On Thursday, the industry had the chance to get more high school students interested in the field. Approximately 120 FFA students had the chance to learn more at the World of Asphalt 2019 Show & Conference, which ran from Tuesday through Thursday at the Indiana Convention Center.

The day was dubbed #AgtoAsphalt Day.

“Our industries are affected by the seasons,” said Ryan Shotts, the workforce development committee chair for the association. “The equipment we use is similar. So, I don’t think we could find a better group of individuals to introduce what we do on a daily basis.

Shotts is a field superintendent for asphalt for Brooks Construction out of Fort Wayne. He said attracting new people to the industry has been challenging.

The association surveyed its members recently and found that 10 percent of the workforce is expected to retire by 2025, which could put a strain on filling potholes and completing other road projects if the workforce isn’t filled to do projects across the state.

Students interested in working in agriculture likely have already gained experience that can be helpful in road work.  It could also provide work that might not be there on a farm.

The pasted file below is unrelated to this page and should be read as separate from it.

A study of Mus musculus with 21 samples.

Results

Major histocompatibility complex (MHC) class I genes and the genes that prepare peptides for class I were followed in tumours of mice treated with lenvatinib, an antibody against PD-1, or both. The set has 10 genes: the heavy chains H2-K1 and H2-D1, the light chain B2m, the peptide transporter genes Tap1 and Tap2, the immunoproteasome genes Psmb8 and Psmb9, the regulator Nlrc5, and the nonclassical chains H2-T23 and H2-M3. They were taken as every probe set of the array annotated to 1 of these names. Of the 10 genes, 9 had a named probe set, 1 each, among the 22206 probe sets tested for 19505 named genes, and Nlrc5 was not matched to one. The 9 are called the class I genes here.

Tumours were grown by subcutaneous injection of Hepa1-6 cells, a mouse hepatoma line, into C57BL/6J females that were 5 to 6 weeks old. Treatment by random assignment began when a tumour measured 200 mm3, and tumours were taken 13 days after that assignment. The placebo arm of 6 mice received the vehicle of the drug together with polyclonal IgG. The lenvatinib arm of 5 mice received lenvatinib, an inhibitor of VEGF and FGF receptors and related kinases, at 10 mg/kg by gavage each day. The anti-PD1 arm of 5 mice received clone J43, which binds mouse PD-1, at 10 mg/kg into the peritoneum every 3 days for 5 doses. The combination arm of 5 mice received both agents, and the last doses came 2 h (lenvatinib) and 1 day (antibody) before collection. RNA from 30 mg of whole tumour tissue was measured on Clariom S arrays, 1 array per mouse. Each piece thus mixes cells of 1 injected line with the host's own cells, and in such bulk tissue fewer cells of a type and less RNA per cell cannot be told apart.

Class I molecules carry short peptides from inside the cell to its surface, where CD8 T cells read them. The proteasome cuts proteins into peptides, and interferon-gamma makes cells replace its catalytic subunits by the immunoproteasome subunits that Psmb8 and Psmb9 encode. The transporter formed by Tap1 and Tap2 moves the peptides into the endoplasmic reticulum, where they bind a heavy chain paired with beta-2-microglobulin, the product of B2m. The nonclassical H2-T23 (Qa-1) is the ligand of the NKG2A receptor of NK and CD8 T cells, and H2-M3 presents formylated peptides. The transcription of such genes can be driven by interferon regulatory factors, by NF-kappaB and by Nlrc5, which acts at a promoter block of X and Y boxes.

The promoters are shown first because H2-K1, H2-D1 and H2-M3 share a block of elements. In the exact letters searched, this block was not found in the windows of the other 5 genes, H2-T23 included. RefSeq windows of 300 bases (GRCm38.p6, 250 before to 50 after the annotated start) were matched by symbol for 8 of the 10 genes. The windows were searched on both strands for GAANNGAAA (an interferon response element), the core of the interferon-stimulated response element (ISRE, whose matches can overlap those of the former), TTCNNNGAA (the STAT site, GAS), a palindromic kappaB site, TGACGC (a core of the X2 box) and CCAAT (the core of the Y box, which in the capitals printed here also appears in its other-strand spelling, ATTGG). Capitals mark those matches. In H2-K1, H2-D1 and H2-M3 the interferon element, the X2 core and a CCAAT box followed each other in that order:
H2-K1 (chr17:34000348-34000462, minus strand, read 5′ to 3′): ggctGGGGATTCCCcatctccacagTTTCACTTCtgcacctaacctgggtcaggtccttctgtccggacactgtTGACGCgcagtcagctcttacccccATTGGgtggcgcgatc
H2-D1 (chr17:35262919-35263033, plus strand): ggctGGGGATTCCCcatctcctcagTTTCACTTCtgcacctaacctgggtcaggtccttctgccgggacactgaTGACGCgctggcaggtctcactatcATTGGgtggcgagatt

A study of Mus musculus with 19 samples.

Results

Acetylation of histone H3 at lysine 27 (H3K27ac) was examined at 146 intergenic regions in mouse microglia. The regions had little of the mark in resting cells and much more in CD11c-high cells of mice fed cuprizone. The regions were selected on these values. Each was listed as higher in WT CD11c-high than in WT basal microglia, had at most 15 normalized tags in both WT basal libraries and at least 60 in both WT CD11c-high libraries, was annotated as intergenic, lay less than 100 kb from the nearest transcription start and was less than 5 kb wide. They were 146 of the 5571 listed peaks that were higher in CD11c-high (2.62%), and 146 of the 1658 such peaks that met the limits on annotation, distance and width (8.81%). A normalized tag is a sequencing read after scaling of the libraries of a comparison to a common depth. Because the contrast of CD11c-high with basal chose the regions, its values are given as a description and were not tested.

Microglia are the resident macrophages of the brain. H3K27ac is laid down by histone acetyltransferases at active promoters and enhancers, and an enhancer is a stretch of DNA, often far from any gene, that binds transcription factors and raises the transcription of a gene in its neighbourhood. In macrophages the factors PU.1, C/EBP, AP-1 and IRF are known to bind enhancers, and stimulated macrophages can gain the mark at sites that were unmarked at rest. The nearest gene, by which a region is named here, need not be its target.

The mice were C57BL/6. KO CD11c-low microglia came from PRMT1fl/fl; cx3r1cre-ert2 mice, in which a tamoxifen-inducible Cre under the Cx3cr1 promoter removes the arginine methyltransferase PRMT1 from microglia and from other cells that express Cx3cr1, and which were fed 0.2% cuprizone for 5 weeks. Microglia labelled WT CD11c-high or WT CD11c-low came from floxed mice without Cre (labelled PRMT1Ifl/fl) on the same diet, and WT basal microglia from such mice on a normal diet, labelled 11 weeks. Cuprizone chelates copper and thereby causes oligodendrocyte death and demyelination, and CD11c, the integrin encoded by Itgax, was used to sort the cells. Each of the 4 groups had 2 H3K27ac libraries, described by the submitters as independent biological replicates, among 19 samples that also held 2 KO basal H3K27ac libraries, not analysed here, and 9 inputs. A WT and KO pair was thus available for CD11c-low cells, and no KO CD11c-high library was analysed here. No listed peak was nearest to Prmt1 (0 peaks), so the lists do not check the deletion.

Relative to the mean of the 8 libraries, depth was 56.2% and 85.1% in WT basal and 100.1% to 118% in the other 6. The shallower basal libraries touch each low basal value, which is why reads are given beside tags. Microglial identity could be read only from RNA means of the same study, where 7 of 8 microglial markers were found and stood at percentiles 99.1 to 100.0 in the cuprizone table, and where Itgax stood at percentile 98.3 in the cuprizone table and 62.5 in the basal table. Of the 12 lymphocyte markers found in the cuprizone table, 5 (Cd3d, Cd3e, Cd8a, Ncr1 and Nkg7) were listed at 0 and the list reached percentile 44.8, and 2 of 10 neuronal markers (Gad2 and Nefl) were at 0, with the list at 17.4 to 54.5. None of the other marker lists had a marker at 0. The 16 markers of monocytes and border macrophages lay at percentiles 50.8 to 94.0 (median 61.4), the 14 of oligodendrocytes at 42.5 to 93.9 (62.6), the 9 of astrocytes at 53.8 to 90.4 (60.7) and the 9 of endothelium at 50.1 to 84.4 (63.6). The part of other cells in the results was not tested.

“Not every farm can withstand every member of the family,” said Shotts.

Jared McGraw, an FFA student from Oak Hill High School, said he’s been working on a friend’s farm for several years, but learned a career in asphalt may be a realistic option.

“It definitely makes you think that if something doesn’t work out down the road, it might be a second option,” the junior said.

Malerie Minor is a junior at South Putnam High School. She wants to teach agriculture one day, and said she’d encourage her future students to get this industry a shot.

The partnership between the asphalt association and the FFA is relatively new. It began in 2017 when members from the association went to Trafalgar to pave its parking lot. The work led to at least three high school seniors in 2018 graduating and landing jobs at an association contractor three weeks into summer.

Officials from the FFA and the APAI both hope those numbers will grow in the future.